Advice after Wall Street’s worst day of the year: “On the other side, it will be ok”

Listen to WSB Money Matters host Wes Moss' interview with WSB Radio's Edgar Treiguts 

"Sell offs...people get very scared very quickly and everybody runs to the exits at the same time, that is just the nature of being a long-term investor. Just because we have a bad day, week, month, doesn't mean we're going to have a bad year or five years."

Those words from WSB Money Matters host Wes Moss, after U.S. stocks took it on the chin Monday/ The Dow had its worst day of the year, losing 767 points - nearly three percent of value. The Nasdaq Composite - effectively representing tech companies that could be most affected by a trade war with China - lost nearly three-and-a-half percent of value.

China began the week by devaluing its currency - the yuan - to fall below its 7-to-1 ratio with the U.S. dollar. It's the first time in a decade for that move. China hopes a weaker currency softens the blow it could take from U.S. tariffs.

Wes Moss says that may work for China in the short-term, but could very well hurt the country in the long term view. "If you are doing business in China, and you effectively have a currency that continues to go down in value, what happens then is people take their money out of the country. Billionaires, millionaires, companies...they say look, I'd rather have my money in the United States," says Moss.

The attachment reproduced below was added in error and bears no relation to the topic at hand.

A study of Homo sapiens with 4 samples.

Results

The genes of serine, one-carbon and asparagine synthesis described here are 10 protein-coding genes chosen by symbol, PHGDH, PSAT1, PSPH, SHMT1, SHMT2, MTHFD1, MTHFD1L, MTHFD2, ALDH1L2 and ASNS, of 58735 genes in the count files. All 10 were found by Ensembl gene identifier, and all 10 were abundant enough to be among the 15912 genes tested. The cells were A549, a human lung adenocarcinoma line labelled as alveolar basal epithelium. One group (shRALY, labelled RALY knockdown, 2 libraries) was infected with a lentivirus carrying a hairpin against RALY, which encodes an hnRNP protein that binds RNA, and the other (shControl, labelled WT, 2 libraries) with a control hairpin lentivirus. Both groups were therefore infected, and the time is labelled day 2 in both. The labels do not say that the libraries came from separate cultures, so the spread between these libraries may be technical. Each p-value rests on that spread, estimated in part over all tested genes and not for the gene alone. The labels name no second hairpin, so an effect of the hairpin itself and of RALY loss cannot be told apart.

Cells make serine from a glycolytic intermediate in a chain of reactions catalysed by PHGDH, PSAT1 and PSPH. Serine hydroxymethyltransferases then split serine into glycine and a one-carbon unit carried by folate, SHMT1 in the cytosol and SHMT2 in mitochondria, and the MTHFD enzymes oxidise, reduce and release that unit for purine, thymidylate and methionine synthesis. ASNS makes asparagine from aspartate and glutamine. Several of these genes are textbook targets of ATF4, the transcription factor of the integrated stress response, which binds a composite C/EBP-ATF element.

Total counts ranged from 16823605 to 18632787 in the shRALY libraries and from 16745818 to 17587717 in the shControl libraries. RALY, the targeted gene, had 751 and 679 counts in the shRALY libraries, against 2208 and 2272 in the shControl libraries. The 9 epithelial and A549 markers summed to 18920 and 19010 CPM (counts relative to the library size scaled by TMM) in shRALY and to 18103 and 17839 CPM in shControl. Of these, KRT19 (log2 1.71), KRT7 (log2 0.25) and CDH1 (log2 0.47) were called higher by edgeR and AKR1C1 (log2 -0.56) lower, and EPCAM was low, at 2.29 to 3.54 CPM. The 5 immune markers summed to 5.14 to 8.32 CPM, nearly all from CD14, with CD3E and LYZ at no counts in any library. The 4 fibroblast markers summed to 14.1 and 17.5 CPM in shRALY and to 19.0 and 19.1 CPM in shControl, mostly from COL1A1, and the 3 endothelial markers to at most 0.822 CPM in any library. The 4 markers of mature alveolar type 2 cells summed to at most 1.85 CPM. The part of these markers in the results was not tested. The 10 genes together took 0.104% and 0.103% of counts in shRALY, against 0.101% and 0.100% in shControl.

There is a threat for harsher tariffs against China to come possibly next month. U.S. consumers possibly on the hook to get hit hard.

What Moss predicts will eventually happen: "Potentially less reliance on China. More and more companies choose to do business in other countries around the world, and we do some sort of a trade deal. So a combination of the two get us to some sort of a resolution."